Tuesday at the E3 video game expo, the company showed an add-on that wraps around the finger to takes a player's pulse.
Though no specific games or uses (or price or availability) were revealed, the Wii Vitality Sensor is "another entirely different way of thinking about games," says Nintendo global president
Iwata sees one potential use for the Sensor as a relaxation tool: "Maybe everyone under pressure in our stressful society can use this to relax with video games."
But acknowledging that the main role of gaming is to get the heart pumping, Nintendo also unveiled the Wii Fit Plus with new exercises and games, due this fall, and two new titles starring company mascot Mario:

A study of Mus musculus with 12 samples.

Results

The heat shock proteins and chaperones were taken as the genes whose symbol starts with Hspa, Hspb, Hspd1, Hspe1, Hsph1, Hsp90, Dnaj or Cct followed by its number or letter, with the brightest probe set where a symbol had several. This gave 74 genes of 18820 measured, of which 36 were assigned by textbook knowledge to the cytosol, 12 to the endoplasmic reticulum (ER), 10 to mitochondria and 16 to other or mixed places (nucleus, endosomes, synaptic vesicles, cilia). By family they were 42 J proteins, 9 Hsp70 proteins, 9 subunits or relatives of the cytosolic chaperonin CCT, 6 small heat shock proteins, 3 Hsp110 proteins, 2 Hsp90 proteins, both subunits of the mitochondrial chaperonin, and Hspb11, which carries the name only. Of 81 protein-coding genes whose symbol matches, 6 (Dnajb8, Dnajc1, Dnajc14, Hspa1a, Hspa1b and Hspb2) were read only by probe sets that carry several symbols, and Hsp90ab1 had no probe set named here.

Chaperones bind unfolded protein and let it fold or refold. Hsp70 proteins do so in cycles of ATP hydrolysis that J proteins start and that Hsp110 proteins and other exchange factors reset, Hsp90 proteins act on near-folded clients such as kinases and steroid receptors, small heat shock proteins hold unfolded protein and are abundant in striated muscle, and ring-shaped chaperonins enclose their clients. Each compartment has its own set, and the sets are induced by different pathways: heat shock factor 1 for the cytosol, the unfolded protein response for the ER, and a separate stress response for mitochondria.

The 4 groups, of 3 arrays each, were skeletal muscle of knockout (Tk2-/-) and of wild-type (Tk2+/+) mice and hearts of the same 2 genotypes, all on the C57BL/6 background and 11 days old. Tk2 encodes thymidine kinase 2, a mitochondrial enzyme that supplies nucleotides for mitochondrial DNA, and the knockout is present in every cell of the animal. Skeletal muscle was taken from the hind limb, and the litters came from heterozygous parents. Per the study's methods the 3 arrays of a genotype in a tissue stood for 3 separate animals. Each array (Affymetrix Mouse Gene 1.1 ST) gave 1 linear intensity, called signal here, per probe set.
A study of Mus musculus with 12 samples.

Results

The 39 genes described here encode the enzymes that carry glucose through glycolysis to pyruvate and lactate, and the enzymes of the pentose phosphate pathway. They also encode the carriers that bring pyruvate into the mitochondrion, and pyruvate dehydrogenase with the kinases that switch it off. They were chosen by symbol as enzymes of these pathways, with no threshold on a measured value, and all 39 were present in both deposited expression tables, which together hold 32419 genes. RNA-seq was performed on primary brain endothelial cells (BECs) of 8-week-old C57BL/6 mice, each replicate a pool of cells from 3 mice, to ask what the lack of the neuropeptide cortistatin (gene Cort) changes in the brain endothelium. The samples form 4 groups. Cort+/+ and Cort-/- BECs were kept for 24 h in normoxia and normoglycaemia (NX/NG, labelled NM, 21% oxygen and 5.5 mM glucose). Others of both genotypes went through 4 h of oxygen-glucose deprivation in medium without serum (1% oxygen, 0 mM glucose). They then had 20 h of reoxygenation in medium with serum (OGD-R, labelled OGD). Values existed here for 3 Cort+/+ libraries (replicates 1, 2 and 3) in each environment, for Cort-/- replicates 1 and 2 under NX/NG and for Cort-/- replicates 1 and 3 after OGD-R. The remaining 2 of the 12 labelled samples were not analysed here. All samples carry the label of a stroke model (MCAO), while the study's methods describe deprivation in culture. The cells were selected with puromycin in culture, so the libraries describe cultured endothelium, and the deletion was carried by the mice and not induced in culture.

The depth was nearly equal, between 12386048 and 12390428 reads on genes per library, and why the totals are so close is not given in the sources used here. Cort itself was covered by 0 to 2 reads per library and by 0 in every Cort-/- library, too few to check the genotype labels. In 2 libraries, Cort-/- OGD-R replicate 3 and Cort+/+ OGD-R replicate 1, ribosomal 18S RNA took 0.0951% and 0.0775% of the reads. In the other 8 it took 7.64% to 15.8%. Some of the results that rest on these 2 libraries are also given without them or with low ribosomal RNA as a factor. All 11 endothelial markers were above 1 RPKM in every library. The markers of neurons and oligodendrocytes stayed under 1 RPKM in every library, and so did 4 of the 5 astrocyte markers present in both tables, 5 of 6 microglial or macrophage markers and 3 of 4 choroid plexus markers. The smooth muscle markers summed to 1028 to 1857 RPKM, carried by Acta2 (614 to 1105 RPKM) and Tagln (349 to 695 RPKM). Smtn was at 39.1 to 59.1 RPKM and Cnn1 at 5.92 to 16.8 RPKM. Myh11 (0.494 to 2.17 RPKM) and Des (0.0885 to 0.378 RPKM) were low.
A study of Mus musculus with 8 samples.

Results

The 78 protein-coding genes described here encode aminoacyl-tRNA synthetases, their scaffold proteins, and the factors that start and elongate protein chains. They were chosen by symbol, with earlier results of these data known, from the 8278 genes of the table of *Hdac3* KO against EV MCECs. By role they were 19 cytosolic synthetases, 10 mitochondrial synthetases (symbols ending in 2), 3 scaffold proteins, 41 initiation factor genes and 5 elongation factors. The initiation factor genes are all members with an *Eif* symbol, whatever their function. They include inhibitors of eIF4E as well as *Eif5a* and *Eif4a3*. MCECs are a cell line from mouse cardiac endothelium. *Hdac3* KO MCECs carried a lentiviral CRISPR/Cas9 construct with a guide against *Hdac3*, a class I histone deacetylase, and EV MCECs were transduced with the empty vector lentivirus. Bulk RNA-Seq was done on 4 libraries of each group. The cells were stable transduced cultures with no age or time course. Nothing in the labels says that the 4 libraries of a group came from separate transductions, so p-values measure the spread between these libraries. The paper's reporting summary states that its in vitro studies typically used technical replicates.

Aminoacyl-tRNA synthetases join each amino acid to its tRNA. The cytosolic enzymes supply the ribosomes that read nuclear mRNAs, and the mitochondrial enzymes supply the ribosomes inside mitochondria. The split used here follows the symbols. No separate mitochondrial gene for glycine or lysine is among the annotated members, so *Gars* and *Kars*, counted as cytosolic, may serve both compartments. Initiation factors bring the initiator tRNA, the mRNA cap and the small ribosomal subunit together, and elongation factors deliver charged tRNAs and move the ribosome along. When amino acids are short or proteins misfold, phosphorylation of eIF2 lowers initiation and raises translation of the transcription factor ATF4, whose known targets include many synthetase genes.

The company has led the way in attracting newcomers with the Wii, which has sold 20 million in the USA alone, and with Wii Fit, with more than 15 million sold worldwide. "We still have a long way to go in expanding the video-game population," Iwata says.
The new Wii Fit software (no price yet) uses the balance board for activities but gives users the ability to "customize their routines more and choose" workout lengths, says Nintendo's Cammie Dunaway. And for those who already own Wii Fit, "your data will transfer and you will now have more customization and more exercises."
One of the new exercise games is a first-person activity that "essentially has you acting like Mario, and you are running and jumping on an obstacle course," Dunaway says.
At another E3 presentation, competitor
And a new PlayStation Portable device called the PSP Go ($250, Oct. 1) can download games, music, video and photos.